Nick McNamara, owner of a lodge and hunting guide business in St. Lawrence County, said the National Rifle Association is the only real voice for responsible gun owners, coming after a lawsuit seeking to dissolve the organization was filed by the state attorney general this week.
Mr. McNamara owns Basswood Lodge in Canton. The outfitter and lodge has been guiding hunting trips for more than 20 years, and he has owned it for eight.
Every year Mr. McNamara attends the Great American Outdoors Show, a nine-day event put on by the NRA, showcasing not only guns but just about anything to do with the outdoors.
At last year’s show, Mr. McNamara said he spoke with the executive vice president of the NRA, Wayne LaPierre. During their conversation, the vice president referenced a possible lawsuit coming by the attorney general, indicating that he had an idea it would be coming.
“Turns out he was right,” he said.
Attorney General Letitia A. James filed the civil suit after an 18-month investigation, alleging leaders of the NRA misused funds. The 169-page lawsuit claims Mr. LaPierre, 70, used NRA funds for personal expenditures, including hair and makeup for his wife, eight trips for his family to the Bahamas over three years and a $17 million post-employment contract for himself. The lawsuit also names Corporate Secretary and General Counsel John Frazer, retired Treasurer and Chief Financial Officer Wilson “Woody” H. Phillips, and Mr. LaPierre’s former Chief of Staff Joshua L. Powell.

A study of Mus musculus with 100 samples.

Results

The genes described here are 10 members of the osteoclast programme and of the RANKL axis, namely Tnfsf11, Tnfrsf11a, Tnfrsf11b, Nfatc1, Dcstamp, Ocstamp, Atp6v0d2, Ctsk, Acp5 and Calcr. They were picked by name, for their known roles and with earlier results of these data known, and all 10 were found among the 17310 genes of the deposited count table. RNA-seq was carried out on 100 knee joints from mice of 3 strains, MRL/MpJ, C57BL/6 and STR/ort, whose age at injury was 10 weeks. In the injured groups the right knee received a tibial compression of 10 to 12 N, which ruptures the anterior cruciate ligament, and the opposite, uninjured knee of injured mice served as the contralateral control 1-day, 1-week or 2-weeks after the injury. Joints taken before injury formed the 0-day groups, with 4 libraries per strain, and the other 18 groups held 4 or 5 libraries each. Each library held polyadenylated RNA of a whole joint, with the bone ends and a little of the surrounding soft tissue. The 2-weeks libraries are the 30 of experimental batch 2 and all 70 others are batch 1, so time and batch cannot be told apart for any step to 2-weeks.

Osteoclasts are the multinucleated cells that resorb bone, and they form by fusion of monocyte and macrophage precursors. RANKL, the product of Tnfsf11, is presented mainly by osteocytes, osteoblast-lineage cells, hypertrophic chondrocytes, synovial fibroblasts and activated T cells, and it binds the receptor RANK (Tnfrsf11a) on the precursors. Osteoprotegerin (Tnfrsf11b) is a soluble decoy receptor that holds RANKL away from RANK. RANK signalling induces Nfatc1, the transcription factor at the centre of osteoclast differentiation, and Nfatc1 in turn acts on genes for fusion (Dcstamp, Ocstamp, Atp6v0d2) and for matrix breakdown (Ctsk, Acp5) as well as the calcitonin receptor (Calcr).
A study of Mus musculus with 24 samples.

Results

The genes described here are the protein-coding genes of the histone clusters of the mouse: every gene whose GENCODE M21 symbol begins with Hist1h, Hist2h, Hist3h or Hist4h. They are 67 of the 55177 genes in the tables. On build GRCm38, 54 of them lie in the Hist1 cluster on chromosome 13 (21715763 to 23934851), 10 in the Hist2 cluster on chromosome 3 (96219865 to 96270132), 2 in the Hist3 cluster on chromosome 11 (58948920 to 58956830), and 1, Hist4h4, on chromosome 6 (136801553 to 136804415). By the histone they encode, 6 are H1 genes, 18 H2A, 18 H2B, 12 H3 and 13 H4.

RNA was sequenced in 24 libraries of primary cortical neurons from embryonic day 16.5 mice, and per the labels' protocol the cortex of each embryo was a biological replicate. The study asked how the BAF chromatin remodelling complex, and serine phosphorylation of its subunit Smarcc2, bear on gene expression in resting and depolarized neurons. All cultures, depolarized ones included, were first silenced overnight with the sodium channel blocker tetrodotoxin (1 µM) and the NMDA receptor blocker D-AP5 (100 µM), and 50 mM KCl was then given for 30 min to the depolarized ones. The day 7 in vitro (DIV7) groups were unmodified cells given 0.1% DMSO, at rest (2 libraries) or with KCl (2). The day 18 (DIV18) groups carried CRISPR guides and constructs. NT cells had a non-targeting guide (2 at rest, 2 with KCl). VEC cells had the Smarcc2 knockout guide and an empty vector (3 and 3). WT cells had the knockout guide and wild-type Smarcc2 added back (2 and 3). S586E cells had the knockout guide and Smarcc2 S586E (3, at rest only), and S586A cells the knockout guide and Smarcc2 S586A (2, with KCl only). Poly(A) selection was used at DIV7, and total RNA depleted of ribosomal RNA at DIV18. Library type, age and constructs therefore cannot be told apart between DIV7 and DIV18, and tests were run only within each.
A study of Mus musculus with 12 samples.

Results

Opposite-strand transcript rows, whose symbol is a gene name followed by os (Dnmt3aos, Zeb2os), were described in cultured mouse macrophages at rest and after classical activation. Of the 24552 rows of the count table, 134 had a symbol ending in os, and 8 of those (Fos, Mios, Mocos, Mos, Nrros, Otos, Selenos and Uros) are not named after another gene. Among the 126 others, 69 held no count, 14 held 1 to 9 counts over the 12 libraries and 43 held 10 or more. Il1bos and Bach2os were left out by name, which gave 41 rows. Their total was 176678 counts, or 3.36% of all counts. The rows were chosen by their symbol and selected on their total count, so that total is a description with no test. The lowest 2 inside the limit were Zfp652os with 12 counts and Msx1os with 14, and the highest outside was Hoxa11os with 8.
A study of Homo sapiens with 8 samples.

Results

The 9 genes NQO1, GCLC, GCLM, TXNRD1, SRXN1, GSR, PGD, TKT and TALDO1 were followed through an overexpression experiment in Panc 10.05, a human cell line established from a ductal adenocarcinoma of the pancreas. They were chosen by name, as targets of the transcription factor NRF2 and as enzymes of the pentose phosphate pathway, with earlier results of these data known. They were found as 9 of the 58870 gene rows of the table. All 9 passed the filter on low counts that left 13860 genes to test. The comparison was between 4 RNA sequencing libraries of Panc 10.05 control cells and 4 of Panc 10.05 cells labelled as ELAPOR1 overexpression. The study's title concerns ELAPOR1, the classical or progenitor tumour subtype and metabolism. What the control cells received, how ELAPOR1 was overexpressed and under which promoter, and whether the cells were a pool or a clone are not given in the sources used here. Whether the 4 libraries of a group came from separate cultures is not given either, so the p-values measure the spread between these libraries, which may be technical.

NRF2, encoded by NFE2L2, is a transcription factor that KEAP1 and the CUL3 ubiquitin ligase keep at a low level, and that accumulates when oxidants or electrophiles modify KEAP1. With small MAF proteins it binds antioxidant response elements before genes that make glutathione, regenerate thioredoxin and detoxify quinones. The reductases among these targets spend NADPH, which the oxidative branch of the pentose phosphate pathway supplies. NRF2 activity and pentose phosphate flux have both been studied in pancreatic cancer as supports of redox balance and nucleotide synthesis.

Mr. McNamara said he doesn’t take the lawsuit seriously — he thinks it’s a joke, but he does take the notion of ending the NRA seriously.
“Without the NRA, we wouldn’t have a voice,” he said. “The NRA is our only real voice.”
The NRA is about protecting the Second Amendment for safe, law-abiding gun owners, he said. “Every time we give them an inch, they’re going to keep pushing,” Mr. McNamara said. “And right now, with the divisiveness in this country, the next 20 years are going to be interesting.”
Peter Crump, who owns Pete’s Guns and Sporting Goods in Carthage, said the NRA isn’t perfect, but that doesn’t mean the solution is dissolving it.
“The NRA as a whole has dabbled in things they never should have been involved with,” he said. “It should restructure and get back to the basics, but restructuring doesn’t mean it’s not illegal activity.”
Mr. Crump said the lawsuit is a politically-charged move by the Democratic Party.
“They have taken it to a monetary situation so they can fabricate some kind of guilt out of nothing,” he said. “She (Ms. James) is trying to fulfill a campaign promise that she would take down the NRA. That’s all this is.”